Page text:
Attending Carolinian Canada and WWF-Canada’s native plant forum in Toronto on March 7 was an eye-opening experience. Admittedly, I’ve never thought of native plants as stars of a garden or landscape – they seem more utilitarian, fulfilling a purpose and role for pollinators and the wider ecosystem, but not necessarily doing much aesthetically for my garden.
But the forum conference has me feeling inspired – why not prioritize native plants for my new back garden? There are plenty of “practical” native plants that are also simply lovely to look at (my usual number one priority when choosing plants). So why not stretch my boundaries a bit, and do my part to preserve native plants in our natural environments?
As a native plant-newbie and a (small) backyard gardener, I learned a few things at “Shifting the Paradigm – Growing the Native Plant Industry through Innovation and Collaboration” forum that got me thinking about native plants differently. It was a full house with some trade booths and compelling speakers, with the day focused on answering the question, “How do we work together to build a thriving native plant industry?”
Here are a few things that stuck with me.
1. We’ve lost our knowledge of native plants and the reciprocal relationship between us and plants. Several speakers brought up the knowledge gap that exists with native plants. Most people can’t identify native plants or invasive plants, or wouldn’t even recognize invasive plants as a problem (they are). But how can people take action to preserve native plants and the role they play in our ecosystems if they don’t know what they’re protecting? Bringing more awareness, champions or trendsetters to the cause of native plants can help, and this includes the educational role that municipalities and retailers play.
2. Many people and communities, especially Indigenous communities, have been passionate and appreciative of native plants for a long time. Some municipalities, utility companies, nurseries and landscapers have been pushing for more native plants in their own respective worlds, but it’s important to recognize that every market is different. For example, home gardeners are drawn to aesthetics, familiarity, ease of planting and trends. Municipalities and utility companies are looking at cost and volume. One speaker from Hydro One drew a cost comparison between turfgrass (estimated $70/hectare) and native plant mix (estimated $1500/hectare). That can be a tough sell for a city or company thinking about landscaping choices on the land they own.
3. There is a misconception that native plants can’t tolerate tough urban conditions, and that exotic plants are just unavoidable in some gardens. However, native plants are resilient, adaptable and – quite literally – designed for many of the conditions we live in. They evolved, grew and flourished in our landscape and supported the surrounding wildlife and environment.
4. Building stock takes time. Volume of supply and demand came up repeatedly. How can nurseries feel confident growing native plants for a market that may not be there in three years’ time, when the plant is ready to be sold? Growers take on the risk of growing plants based on an expected market, and a reliable foundation must be there before the market for native plants can expand confidently. That foundation could be conservation authorities, for example, which value the role native plants have in preserved natural areas.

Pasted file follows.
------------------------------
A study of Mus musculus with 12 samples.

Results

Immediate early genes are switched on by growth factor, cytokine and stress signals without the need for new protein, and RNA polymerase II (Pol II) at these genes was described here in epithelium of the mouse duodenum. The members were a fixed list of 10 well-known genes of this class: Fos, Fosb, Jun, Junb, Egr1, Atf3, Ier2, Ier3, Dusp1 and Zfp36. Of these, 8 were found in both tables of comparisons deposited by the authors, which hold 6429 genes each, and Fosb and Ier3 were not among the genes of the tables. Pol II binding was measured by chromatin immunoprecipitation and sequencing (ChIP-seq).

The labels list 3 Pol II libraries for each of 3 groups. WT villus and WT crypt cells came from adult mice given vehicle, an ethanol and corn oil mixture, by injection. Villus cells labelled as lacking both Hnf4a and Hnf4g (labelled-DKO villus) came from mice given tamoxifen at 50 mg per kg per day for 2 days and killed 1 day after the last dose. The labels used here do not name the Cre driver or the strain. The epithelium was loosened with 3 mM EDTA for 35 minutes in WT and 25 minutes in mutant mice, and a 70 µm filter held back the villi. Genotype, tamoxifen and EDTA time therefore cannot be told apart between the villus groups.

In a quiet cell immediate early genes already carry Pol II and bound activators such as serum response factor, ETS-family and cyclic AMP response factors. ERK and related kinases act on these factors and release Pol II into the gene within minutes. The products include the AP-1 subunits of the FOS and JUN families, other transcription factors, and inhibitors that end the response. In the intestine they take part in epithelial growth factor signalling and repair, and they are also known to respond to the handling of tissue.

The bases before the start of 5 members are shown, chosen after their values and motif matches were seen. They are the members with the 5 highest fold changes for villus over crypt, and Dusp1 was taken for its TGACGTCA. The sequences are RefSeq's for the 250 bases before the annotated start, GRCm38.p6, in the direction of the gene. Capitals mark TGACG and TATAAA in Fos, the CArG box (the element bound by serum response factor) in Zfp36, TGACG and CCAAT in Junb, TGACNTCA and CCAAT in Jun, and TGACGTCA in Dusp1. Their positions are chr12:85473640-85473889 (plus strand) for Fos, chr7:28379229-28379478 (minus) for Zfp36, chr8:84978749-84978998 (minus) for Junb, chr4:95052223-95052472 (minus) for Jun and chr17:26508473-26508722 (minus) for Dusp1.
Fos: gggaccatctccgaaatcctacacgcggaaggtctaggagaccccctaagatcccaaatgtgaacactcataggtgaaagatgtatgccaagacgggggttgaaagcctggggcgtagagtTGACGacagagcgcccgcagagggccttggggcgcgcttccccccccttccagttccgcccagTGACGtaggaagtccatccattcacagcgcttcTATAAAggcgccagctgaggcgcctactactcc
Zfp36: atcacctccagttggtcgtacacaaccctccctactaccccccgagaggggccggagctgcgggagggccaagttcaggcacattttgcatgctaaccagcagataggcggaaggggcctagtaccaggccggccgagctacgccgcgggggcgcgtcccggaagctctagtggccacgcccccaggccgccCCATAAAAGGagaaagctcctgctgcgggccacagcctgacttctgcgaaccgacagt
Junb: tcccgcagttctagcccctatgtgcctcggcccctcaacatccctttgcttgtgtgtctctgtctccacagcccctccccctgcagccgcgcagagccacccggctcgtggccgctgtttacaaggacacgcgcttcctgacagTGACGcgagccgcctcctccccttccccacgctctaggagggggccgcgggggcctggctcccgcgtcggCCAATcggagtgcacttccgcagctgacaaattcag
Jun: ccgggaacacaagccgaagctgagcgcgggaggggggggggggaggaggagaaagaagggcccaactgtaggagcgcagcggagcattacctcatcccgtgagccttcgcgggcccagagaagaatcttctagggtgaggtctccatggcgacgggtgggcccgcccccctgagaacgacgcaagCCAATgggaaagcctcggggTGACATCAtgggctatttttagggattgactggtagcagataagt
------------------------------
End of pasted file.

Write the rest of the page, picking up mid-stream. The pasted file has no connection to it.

5. Plants start with seeds, and seed conservation can be our biological safety net. Conservation of seeds needs to be a priority for growing the native plant industry. Traceability of native plants with proper seed tracking and verification is necessary to uphold standards and ensure that native plants are grown sustainably and locally. One speaker mentioned that a good place to start with standards like these could be in municipal procurement policies.
6. You’ve got to get home gardeners on board, and to do this, native plants have to be trendy, accessible and credible. This is part of the rationale behind Carolinian Canada and WWF-Canada’s new “In the Zone” initiative, which helps home gardeners, landscapers and retailers make informed choices about the native plants they buy through information sharing and identification (how to choose the right native plant) and standards (how to ensure that plant is what its label says, and that it was grown sustainably and locally). This new initiative is a response to the challenges and opportunities that were discussed at the forum.
At the end of the day, we must talk about why native plants, pollinators and biodiversity are important. By maintaining a place for native plants in our home gardens, city parks, public landscapes and conservation areas, we support the surrounding wildlife and biodiversity — part of the ecosystem we live in. They are part of our natural heritage. This includes backyard gardens like mine, which likely won’t be home to a hundred monarchs or help sustain the health of our watershed. Instead, including native plants will help me grow a garden that’s right for this climate and supports living creatures around it. And it will be beautiful, too.
About the forum organizers
The Carolinian Canada Coalition, based in southwestern Ontario, brings together thousands of people and groups who care for the unique habitat network called the Carolinian life zone in eastern North America characterized primarily by a predominance of deciduous trees.
World Wildlife Fund (WWF) Canada is the country’s largest international conservation organization, with the active support of hundreds of thousands of Canadians.